The latest in investing, teaching, mail and frameworks from the Capital of Silicon Valley, America in Miniature, the City of Medicine, the Excelsior State and the City in a Park.
You've likely heard the buzz about the lack of racial, ethnic and gender diversity among startup founders and other tech executives. And there's just as little diversity among the venture capitalists who fund these companies.
A 2011 survey by the National Venture Capital Association (NVCA) and Dow Jones VentureSource found most venture capitalists are white men.
Specifically, 89 percent of the 600 individuals surveyed were male and almost as many — 87 percent — were white. Another 9 percent identified themselves asAsian, 2 percent said they were black or Latino and another 2 percent identified as “mixed race.”
Natalia Oberti Noguera, founder and CEO of Pipeline Fellowship angel investing bootcamp for women, thinks it's time for a change.
Pipeline Fellowship has engaged BeVisible and Black MBA Women as Recruitment Ambassadors for women of color. Both organizations will provide scholarships to women who sign on to Pipeline Fellowship’s angel investing bootcamp and become investors.
Daria Burke, Founder of Black MBA Women, said her goal is to take an active role in the development of black women leaders. BeVisible Co-Founder Andrea Guendelman hopes train more Latinas to become investors.
“As an LGBTQ Latina entrepreneur,” added Oberti Noguera, “I'm committed to engaging underrepresented voices."
Pipeline Fellowship has opened a call for applications for its fall 2015 programs in Albuquerque, Boulder, Denver, LA, Phoenix, Portland, San Diego, Seattle, SF, Silicon Valley, and Vegas. Black women and Latinas are encouraged to apply before August 31.
Their Moment of InfoZen
Federal employees might be familiar with Air Ops, Ground Ops and T Ops. But now they’ll be learning about DevOps.
InfoZen, a cloud broker and provider of DevOps and Agile Software Development for the public sector, just launched InfoZen DevOps University (IDU), an education initiative designed to build the next wave of DevOps and agile development experts within the federal government.
The initial two-track program will also be available for select customers.
Options include a leadership and strategy course — focusing on “real-world best practices for scaling DevOps to meet the needs of large federal agencies” — and a practitioner course that “takes participants through building, testing, deploying, and monitoring a live application.”
“DevOps marks a culture change for federal IT that requires talent with unique skills and experience,” stated Raj Ananthanpillai, InfoZen’s chairman, CEO, and president.
Kristian Nelson, new Senior VP of DevOps and Emerging Markets for Bethesda,-Md.-based InfoZen, will head up IDU.
Say Yes to the Address
The Global Address Data Association, headquartered in South Salem, N.Y., wants to make sure everyone has an address. And two Durham, N.C.-based Bell and Howell vice presidents have joined the organization to help with that effort.
A young and lean trade association (established in 2010 with less than ten employees), GADA hopes to “alter the way postal systems, businesses and governments look at the address” and believes that “possession of an address is a fundamental human right.”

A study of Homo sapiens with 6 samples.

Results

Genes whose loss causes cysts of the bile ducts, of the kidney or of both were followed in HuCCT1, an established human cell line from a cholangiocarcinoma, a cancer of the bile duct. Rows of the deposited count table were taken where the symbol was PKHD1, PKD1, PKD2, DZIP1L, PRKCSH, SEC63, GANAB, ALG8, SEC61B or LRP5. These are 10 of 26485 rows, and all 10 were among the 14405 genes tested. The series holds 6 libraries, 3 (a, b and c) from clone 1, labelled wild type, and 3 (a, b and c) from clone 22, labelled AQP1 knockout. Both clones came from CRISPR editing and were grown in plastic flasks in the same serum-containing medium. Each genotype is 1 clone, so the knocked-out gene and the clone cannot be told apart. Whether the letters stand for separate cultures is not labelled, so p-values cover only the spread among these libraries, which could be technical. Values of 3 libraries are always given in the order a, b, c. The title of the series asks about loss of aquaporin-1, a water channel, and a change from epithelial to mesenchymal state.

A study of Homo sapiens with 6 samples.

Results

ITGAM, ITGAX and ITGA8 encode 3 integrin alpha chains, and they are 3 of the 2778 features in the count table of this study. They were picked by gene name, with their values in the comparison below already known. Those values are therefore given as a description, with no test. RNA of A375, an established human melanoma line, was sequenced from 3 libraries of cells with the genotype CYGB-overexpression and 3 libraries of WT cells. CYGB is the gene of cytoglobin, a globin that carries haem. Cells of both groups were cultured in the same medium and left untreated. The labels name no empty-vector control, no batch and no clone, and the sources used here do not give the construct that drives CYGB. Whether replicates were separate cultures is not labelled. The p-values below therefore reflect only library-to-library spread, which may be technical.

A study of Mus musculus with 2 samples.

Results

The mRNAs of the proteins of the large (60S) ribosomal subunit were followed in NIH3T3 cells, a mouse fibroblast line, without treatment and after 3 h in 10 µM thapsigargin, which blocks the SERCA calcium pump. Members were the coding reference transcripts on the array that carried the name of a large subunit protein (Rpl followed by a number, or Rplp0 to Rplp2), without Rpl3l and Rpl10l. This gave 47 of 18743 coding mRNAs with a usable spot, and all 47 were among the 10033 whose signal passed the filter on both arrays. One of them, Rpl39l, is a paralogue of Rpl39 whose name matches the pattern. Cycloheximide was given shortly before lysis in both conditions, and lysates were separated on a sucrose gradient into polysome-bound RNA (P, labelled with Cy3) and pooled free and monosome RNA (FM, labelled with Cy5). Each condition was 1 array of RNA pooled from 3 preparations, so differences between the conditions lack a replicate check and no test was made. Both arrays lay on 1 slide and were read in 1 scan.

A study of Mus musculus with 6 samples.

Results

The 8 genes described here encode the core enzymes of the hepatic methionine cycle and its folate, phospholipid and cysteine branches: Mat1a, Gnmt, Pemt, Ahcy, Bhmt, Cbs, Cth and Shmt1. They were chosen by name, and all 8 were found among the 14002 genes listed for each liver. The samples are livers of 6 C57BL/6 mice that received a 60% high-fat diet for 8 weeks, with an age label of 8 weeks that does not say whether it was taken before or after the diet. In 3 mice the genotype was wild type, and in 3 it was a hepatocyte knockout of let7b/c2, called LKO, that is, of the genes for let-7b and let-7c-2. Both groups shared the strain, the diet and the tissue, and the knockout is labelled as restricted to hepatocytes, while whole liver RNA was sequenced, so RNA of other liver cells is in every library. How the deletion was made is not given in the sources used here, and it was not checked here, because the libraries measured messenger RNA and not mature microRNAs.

Charles Prescott, Executive Director and founder of GADA, invited the two new members from Bell and Howell — Brian Bowers, Vice President/CTO, and Mike Swift, Vice President/General Manager, Sorting and Parcels, to participate in the United States Postal Service’s Mailers’ Technical Advisory Committee.
“MTAC is the ‘voice of the consumer,’ and Bell and Howell brings to the conversation with the USPS its unique insights into the postal needs of all its customers,” Prescott said.
Ramesh Ratan, Bell and Howell CEO, said the company wants to work with industry leaders to improve how mail and parcels are processed and delivered.
Who Do You Trust?
Members of the Online Trust Association (OTA) are concerned about the safety of the Internet of Things (IoT) and they want to hear from you.
The non-profit, based in Bellevue, Wash., this week released its IoT Trust Framework, which presents “guidelines for manufacturers, developers and retailers to follow when designing, creating, adapting and marketing connected devices.” The OTA task force is asking for feedback from industry leaders and the public between now and September 14.
“The rapid growth of the Internet of Things has accelerated the release of connected products, yet important capability gaps in privacy and security design remain as these devices become more and more a part of everyday life,” said Craig Spiezle, Executive Director and President of OTA.
Some of the proposed best practices from OTA’s IoT Working Group include:
- Making privacy policies readily available for review prior to product purchase, download or activation
- Encrypting or hashing all personally identifiable data both at rest and in motion
- Disclosing prior to purchase a device’s data collection policies, as well as the impact on the device’s key features if consumers choose not to share their data
- Disclosing if the user has the ability to remove or make anonymous all personal data upon discontinuing device or device end-of-life
- Publishing a timeframe for support after the device/app is discontinued or replaced by newer version
The working group was formed in January and includes members from ADT, AVG Technologies, Microsoft, Symantec and TRUSTe, among others.